Board Link Shuttle Here
Atomic Taco (Flickr)

On March 28-29, Link will not run between Westlake and Mt Baker Stations to accommodate system upgrades in the Beacon Hill tunnel. Trains will operate normally between SeaTac and Mt Baker, and shuttle bus 97 will run between Westlake and Mt Baker. Unlike previous bus bridges, however, Route 97 will run in the Downtown Transit Tunnel, serving all stops from Westlake to Stadium, then running express to Mt Baker Station.  Sound Transit’s press release is below:

On Saturday, March 28, and Sunday, March 29, the downtown section of the Link light rail line will be closed for system upgrades to prepare for extending service to Capitol Hill and the University of Washington in early 2016.

Trains will operate normally between Sea-Tac Airport Station to Mount Baker Station. A free shuttle bus will connect at Mount Baker Station, serve a temporary stop near Stadium Station and then make all normal downtown tunnel stops.
Route 97 – Service between Mount Baker Station and downtown Seattle.
Mount Baker Station – pick up/drop off at Mt. Baker Transit Center
Stadium Station (temporary stop on S. Royal Brougham Way and SODO Busway, in front of the Greyhound station)
International District Station
Pioneer Square Station
University Street Station
Westlake Station
This Link shuttle does not serve Beacon Hill and SODO stations. Bus options for those neighborhoods:
From Beacon Hill
To Downtown/Westlake: Board Route 36 north.
To Sea-Tac Airport: Board Route 36 south and transfer to Link at Othello Station.
To Downtown/Westlake: Take any SODO Busway route north to downtown.
To Sea-Tac Airport: Board Route 50 east at SODO busway and S. Lander Street and transfer to Link at Columbia City Station. After 11:07 p.m. Saturday and 10:23 p.m. Sunday, board any SODO busway route north to Stadium Station and then take Route 97 south.
If possible, we recommend that you adjust your schedule to add extra time or use alternative travel options such as taxis and shuttles. Thank you for your patience during these upgrades.

12 Replies to “No Downtown Link Service This Weekend”

    1. They get 51 hous one shot versus 4 hours with nightly work. Takes a while to get set up and clear out each nIght. More cost effective this way.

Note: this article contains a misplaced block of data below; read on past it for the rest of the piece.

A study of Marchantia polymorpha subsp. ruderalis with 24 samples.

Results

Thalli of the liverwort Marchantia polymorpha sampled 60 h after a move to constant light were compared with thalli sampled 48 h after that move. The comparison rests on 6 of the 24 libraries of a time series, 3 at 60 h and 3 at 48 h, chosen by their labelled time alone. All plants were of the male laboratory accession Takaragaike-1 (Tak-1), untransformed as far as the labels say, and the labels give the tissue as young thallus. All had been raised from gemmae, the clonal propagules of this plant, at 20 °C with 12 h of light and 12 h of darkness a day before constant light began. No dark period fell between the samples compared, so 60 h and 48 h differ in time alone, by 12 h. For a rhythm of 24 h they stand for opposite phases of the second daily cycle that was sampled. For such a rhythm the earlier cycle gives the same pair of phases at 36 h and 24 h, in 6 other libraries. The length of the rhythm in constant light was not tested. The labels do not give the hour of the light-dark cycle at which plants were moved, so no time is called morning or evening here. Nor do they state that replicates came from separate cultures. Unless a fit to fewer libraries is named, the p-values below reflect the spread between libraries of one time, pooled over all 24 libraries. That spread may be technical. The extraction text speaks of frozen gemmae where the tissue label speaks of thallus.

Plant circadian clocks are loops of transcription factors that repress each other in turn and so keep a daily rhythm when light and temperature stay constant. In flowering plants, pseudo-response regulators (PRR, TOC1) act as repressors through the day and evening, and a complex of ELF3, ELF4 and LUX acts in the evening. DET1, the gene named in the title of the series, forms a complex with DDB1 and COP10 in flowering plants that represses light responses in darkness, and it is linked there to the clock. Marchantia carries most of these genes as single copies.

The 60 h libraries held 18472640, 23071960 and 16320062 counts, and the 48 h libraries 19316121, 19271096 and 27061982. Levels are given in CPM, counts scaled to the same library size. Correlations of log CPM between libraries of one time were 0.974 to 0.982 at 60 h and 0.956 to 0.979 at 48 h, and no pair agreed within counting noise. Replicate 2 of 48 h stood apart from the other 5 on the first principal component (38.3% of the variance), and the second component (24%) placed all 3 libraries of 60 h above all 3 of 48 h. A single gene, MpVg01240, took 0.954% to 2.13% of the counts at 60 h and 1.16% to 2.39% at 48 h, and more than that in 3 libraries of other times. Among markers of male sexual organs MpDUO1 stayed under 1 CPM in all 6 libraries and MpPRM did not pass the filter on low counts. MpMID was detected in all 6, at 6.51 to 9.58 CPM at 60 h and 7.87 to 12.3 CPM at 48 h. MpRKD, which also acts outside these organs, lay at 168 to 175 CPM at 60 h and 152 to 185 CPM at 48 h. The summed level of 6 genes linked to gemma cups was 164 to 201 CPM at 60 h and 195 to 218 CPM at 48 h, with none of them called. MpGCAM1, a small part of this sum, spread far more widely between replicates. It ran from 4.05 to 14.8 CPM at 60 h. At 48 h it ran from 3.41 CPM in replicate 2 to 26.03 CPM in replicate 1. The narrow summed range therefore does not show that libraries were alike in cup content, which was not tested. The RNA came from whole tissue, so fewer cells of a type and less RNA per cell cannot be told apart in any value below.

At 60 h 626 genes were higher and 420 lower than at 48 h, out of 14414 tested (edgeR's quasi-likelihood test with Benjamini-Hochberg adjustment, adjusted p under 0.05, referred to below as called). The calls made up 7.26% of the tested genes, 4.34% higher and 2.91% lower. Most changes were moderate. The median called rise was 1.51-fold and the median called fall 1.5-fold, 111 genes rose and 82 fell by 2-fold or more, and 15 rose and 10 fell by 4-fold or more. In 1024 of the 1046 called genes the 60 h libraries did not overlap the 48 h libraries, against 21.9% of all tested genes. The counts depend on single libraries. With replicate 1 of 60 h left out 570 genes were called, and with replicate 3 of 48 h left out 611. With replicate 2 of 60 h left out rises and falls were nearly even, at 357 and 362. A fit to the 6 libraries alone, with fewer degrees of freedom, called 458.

1. … and the Sounders and Mariners aren’t in town this weekend. (But, be forewarned, the Sounders are playing tonight.)

  1. Why is it that Sound Transit can’t do a proper bus bridge? Why skip Beacon Hill and Sodo stops? I understood their line of thinking the last time this happened was because of the construction on Beacon Avenue as it came down the hillside toward Holgate, and was restricted to downhill travel only. But that construction has been complete since the end of last year. ST’s solution is that riders take local service from Beacon Station (36) or SODO (busway routes). But that only helps if your traveling to downtown or the airport. I regularly travel from Mt Baker Station to Beacon Hill Station in order to avoid walking up the 250 foot elevation change on McClellan St. Or similarly from SODO to Beacon Hill to avoid the even greater elevation change on the west slope of Beacon Hill. What is normally a 2-3 minute ride becomes a 30-45 minute ride with transfer and additional wait times.

    I understand that it’s only for the weekend, but I anticipate that we may see more of these weekend closures in the future, and this level of service is not helpful. A bus bridge should do just that: bridge all of the stops not served by the train.

    1. It’s not a 1-seat ride, but you can still take the train to Othello Station, and backtrack to Beacon Hill on the 36.

      Likewise, you can get from Columbia City Station to the Busway on route 50, but if you are going downtown, I assume you would just take the 7 (or the 97).

      Nobody goes to SODO Station except to transfer or find the car they stashed away, or to get to nearby jobs on weekdays. All the SODO Station routes except the 50 serve downtown. And if you want to get on the 50, that’s Columbia City Station.

      I actually don’t see the purpose in having the 97 run this weekend, given its redundancy with the regular built-in connectivity. Trips will take longer than normal. The 97 won’t change that.

      1. I think the biggest reason for running the 97 is that the 7 is already pretty full and doesn’t have enough excess capacity to handle more than a tiny fraction of the riders who normally take Link to/from downtown on a weekend. Also, since the 97 doesn’t stop every hundred feet, it will still be quite a bit faster than the 7 (although still slower than if Link were running).

      2. The biggest reason for running the 97 is that visitors and occasional riders don’t know about the 7 or 124 or whatever you’d use instead. These alternatives with the 36 and 50 are complicated, but at least most visitors won’t be going to those stations. The 97 is as much about keeping up Link’s reputation and doing what other cities would do, as about available-seat necessity.

      3. And since it will be serving tunnel stations, it can stop mid-platform where the train would.

    1. That’s months off. This fall sometime. It won’t happen until after they tear down the demising wall between the PSST and the new tunnel to CHS. That’s what’s kept longer trains from operating in the DSST – as long as the wall is up they can only get a 2-car train through the turn-back crossing.

      Maybe we should start a Reaganesque plea “Ms Earl, Tear Down This Wall!!!”